Hydraulic manifolds bring a host of benefits to the table &emdash; or at least to a machine's hydraulic system. Space savings is usually, but not always, foremost among them. The result is a compact assembly of valves often referred to as an integrated hydraulic circuit (IHC).
Integrated circuitry became commonplace in electronics decades ago. And although IHCs cannot offer nearly the same space savings as today's integrated electronic micro circuits, IHCs can be much more compact than their traditional counterparts, which use line-mounted valves, hose, tubing, and fittings.
This list of components brings out another advantage to IHCs: less leakage. Because IHCs use fewer connections, they hold less potential for leakage. Fewer connections also means faster assembly, which can lead to substantial cost savings.
Another big plus is simplified assembly, which not only can lower the likelihood of leakage, but also can improve system reliability. Hand-in-hand with this higher reliability is easier maintenance and troubleshooting. Because so many components are mounted to a common manifold, maintenance technicians often can avoid having to climb all over a machine to test individual components.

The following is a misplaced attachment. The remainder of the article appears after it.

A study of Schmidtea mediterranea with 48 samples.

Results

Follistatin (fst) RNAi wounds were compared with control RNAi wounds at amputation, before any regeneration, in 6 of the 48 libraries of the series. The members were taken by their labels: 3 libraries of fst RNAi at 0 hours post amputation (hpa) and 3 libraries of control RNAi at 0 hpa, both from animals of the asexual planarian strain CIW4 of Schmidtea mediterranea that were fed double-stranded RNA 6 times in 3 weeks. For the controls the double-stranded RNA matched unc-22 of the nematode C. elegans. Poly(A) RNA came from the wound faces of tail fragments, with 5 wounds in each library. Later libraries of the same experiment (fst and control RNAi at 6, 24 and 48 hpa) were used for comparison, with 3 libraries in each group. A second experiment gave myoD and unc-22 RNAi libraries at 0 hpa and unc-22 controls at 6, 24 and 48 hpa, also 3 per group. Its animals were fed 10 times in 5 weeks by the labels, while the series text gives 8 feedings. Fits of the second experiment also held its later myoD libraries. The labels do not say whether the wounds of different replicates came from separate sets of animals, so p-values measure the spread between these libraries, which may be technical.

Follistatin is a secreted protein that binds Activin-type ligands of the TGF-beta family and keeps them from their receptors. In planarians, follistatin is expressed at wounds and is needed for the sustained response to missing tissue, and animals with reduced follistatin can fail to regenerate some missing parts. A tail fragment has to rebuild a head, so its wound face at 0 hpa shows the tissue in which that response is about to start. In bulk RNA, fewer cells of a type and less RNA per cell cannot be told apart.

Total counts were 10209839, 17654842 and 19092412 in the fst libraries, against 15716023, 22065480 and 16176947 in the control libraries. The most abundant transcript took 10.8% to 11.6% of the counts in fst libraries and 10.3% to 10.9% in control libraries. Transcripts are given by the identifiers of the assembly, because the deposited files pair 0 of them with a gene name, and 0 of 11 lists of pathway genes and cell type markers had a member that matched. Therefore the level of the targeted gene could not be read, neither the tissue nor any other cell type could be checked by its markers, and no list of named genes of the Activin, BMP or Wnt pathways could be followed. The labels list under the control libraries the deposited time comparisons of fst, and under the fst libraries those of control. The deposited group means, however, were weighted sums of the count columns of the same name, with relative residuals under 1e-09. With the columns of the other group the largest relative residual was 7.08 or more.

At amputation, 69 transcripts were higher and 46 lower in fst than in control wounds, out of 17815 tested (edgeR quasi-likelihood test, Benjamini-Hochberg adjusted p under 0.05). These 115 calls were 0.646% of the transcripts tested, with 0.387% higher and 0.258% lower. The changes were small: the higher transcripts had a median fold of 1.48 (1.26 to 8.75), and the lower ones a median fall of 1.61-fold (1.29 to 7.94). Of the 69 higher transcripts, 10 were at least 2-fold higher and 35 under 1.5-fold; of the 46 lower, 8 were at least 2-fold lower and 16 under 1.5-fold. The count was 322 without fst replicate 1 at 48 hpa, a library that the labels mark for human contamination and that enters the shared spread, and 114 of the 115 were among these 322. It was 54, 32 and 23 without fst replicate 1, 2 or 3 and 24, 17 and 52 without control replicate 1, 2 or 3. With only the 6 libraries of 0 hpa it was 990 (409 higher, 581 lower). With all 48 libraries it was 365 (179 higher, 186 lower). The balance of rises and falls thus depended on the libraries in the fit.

Furthermore, when problems do occur on critical equipment, the entire IHC can be replaced with an identical one to minimize downtime. Troubleshooting and repair can then be performed on the faulty IHC, which can become a standby replacement once it has been serviced.
A typical example of an application that takes advantage of these benefits is the self-propelled telescopic boom lift shown. The inset photo shows the IHC, provided by Sterling Hydraulics, Elk Grove Village, Ill., that controls hydraulic fluid flow, direction, and pressure for multiple functions. The hydraulic system operates at pressures to 3,000 psi and controls flow to 9 gpm.
The hydraulic system provides load sensing, which conserves energy by matching output to demand. Priority flow is provided for steering, and three cartridge-style, pressure-compensated proportional valves control all three boom functions. This encompasses up to 6 gpm for boom raising and lowering, up to 9 gpm for boom extension and retraction, and up to 1 gpm for boom swing. The IHC also controls actuators that keep the basket level, and provides an emergency dump function, often referred to as a "dead-man" switch.